In this article we are going to learn How to Plan an Annual Flower Garden. The countless species and varieties of annuals offer a huge diversity of plants and flowers that you can use to fill your garden. To make it easier to choose a few specific annuals for your garden from all these available varieties, try to envision and plan your garden before you actually start buying and planting. In particular, keep in mind:
- Growing requirements
To choose flowers with that work well together color-wise, you can use a color wheel. On the color wheel, the following combinations go well together:
- Primary colors: Red, blue, and yellow are the primary colors, which can be mixed to form all the colors.
- Adjacent colors: Colors that are next to each other on the color wheel, such as blue and purple or orange and yellow.
- Complementary colors: Colors that are opposite each other on the color wheel, such as orange and blue.
Another way to use color in your garden is to plant annuals that are all different shades of the same color.
Annuals grow to very different heights, from just a few inches all the way up to 8 feet in the case of sunflowers. Your garden will look best if you plant shorter plants in front of taller ones—use the shortest plants to edge the bed, with taller plants behind them, and even taller plants in the center of the bed. This layering effect ensures that all your annuals will be visible and will get the light they need.
Because different annuals bloom at different times of the season, you can plan not just the layout of your garden but how its blooms will grow and change over time.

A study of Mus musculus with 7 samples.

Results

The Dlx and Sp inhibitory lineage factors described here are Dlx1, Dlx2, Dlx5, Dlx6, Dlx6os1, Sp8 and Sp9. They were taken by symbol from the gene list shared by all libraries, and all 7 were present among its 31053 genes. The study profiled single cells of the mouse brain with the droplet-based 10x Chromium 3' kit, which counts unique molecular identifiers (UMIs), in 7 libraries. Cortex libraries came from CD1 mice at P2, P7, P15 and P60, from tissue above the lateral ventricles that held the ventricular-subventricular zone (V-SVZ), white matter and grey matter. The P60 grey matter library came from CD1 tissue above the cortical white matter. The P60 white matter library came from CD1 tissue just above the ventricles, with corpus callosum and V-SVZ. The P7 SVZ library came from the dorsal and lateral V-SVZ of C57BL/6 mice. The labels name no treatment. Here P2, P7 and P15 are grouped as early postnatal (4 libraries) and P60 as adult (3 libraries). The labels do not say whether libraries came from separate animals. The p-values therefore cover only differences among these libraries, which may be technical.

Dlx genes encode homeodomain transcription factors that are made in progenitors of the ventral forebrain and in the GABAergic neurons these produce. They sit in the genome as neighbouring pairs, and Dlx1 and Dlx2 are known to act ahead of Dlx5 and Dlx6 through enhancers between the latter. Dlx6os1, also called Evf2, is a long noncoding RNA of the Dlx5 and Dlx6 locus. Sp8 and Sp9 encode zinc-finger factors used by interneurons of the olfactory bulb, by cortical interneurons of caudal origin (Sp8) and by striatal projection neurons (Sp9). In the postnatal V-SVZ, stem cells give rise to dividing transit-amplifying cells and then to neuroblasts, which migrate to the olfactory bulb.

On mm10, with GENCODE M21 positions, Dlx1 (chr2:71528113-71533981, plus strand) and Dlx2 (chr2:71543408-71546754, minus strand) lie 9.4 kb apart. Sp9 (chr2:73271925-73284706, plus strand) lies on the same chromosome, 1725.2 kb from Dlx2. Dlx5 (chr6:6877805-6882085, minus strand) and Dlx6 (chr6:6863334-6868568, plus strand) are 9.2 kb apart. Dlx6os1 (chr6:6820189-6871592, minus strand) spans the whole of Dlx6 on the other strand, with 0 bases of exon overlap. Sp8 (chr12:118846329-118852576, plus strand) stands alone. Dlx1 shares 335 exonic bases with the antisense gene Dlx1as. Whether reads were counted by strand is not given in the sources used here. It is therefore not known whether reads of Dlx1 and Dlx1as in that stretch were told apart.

As you plan out your garden, pay attention to whether the annuals you select are cool-season or warm-season. Imagine how different parts of the garden will bloom at different times.
Also consider not just the flowers you want to plant in the spring but whether and with what you want to replace the flowers that stop blooming in the middle of the growing season.
When you buy a bouquet of cut flowers, you probably think as much about the flowers’ fragrance as their appearance. You should approach your garden in the same way: different annuals have distinctly different fragrances, and you may want to consider the plants in your garden based on how they smell in addition to how they look.
If you put annuals in locations where they won’t thrive, your garden that looks beautiful on paper may not look beautiful in real life.
When planning an annual garden, you must take into account the growing requirements and preferences for each of the flowers that you’d like to plant. When considering an annual and where you want to put it, make sure the spot meets the plant’s requirements for:
- Sun or shade
Even if you’ve found two annuals that seem like they’d look terrific next to each other, you still have to take into account the plants’ requirements. For instance, if one of the annuals prefers full sun while the other prefers shade, you’ll have a tough time finding a place where they can thrive next to each other.